What are the different kinds of pronation?

Normal pronation: The normal running gait strikes heel first, rolls to the arch, and then pushes off with the ball of the foot and allows for a more efficient push off. A person with a normal arch tends to have normal pronation.

Overpronation: When you pronate too much, your weight is transferred to the inner part of the foot, and as the runner moves forward the load is borne by the inner portion rather than the ball of the foot.  A person with a flat or flattish arch tends to overpronate.

Underpronation (supination): If you underpronate, the feet roll outwards (or remain highly rigid) when in contact with the ground. A person with a very high arch may tend to underpronate.

What are the risks for injury?

Excessive pronation that is not addressed can lead to a wide range of overuse injuries, affecting ligaments in the feet, ankles, hips, the achillies tendons, knees and lower back.

Is knowing your pronation type important?

Since pronation is an essential part of running mechanics it tends to be a focal point for many runners. When your natural motion becomes abnormal, it can cause alternations in the running mechanics of the entire leg which can potentially lead to a running injury. There are a few injury prevention methods available, orthotics for example, and finding a running shoe that matches your pronation patterns.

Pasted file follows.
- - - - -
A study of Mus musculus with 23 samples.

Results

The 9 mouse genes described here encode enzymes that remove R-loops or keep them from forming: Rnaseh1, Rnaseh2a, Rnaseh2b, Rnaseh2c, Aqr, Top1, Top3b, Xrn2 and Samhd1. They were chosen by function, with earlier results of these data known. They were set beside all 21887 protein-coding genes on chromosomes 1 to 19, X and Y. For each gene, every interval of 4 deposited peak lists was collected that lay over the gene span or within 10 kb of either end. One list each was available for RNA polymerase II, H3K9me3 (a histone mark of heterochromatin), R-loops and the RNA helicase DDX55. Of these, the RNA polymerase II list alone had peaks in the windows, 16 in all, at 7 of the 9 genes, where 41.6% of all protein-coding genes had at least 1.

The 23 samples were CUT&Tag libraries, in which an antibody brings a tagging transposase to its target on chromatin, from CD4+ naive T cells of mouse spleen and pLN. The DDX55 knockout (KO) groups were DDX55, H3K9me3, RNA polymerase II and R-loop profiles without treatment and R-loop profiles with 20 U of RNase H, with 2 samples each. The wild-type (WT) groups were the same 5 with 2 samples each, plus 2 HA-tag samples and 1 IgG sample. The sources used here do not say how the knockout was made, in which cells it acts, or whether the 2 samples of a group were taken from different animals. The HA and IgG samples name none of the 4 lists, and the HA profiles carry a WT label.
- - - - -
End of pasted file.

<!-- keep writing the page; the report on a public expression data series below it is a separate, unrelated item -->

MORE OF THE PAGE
If you are unsure what your pronation type is, the best way to find out is to get running gait analyzed by a podiatrist or sports therapist. This way, you can be sure that you will get an accurate diagnosis of your running style, which will ultimately help you determine the best training methods and products that suit your individual needs.

References from the SIRC Collection:

1. Cheung R, Ng G. Influence of Different Footwear on Force of Landing During Running. Physical Therapy. May 2008;88(5):620-628.
2. Efficacies of different external controls for excessive foot pronation: a meta-analysis. British Journal Of Sports Medicine. July 15, 2011;45(9):743-751.
3. Gojanovic B. Foot pronation is not associated with increased injury risk in novice runners wearing a neutral shoe: a 1-year prospective cohort study. Schweizerische Zeitschrift Für Sportmedizin & Sporttraumatologie. December 2013;61(4):52-53.
4. Halvorson R. Does Foot Pronation Cause Injury?. IDEA Fitness Journal. October 2013;10(9):11.
5. Zambelli Pinto R, Souza T, Maher C. External devices (including orthotics) to control excessive foot pronation. British Journal Of Sports Medicine. February 2012;46(2):110-111.

The information presented in SIRC blogs and SIRCuit articles is accurate and reliable as of the date of publication. Developments that occur after the date of publication may impact the current accuracy of the information presented in a previously published blog or article.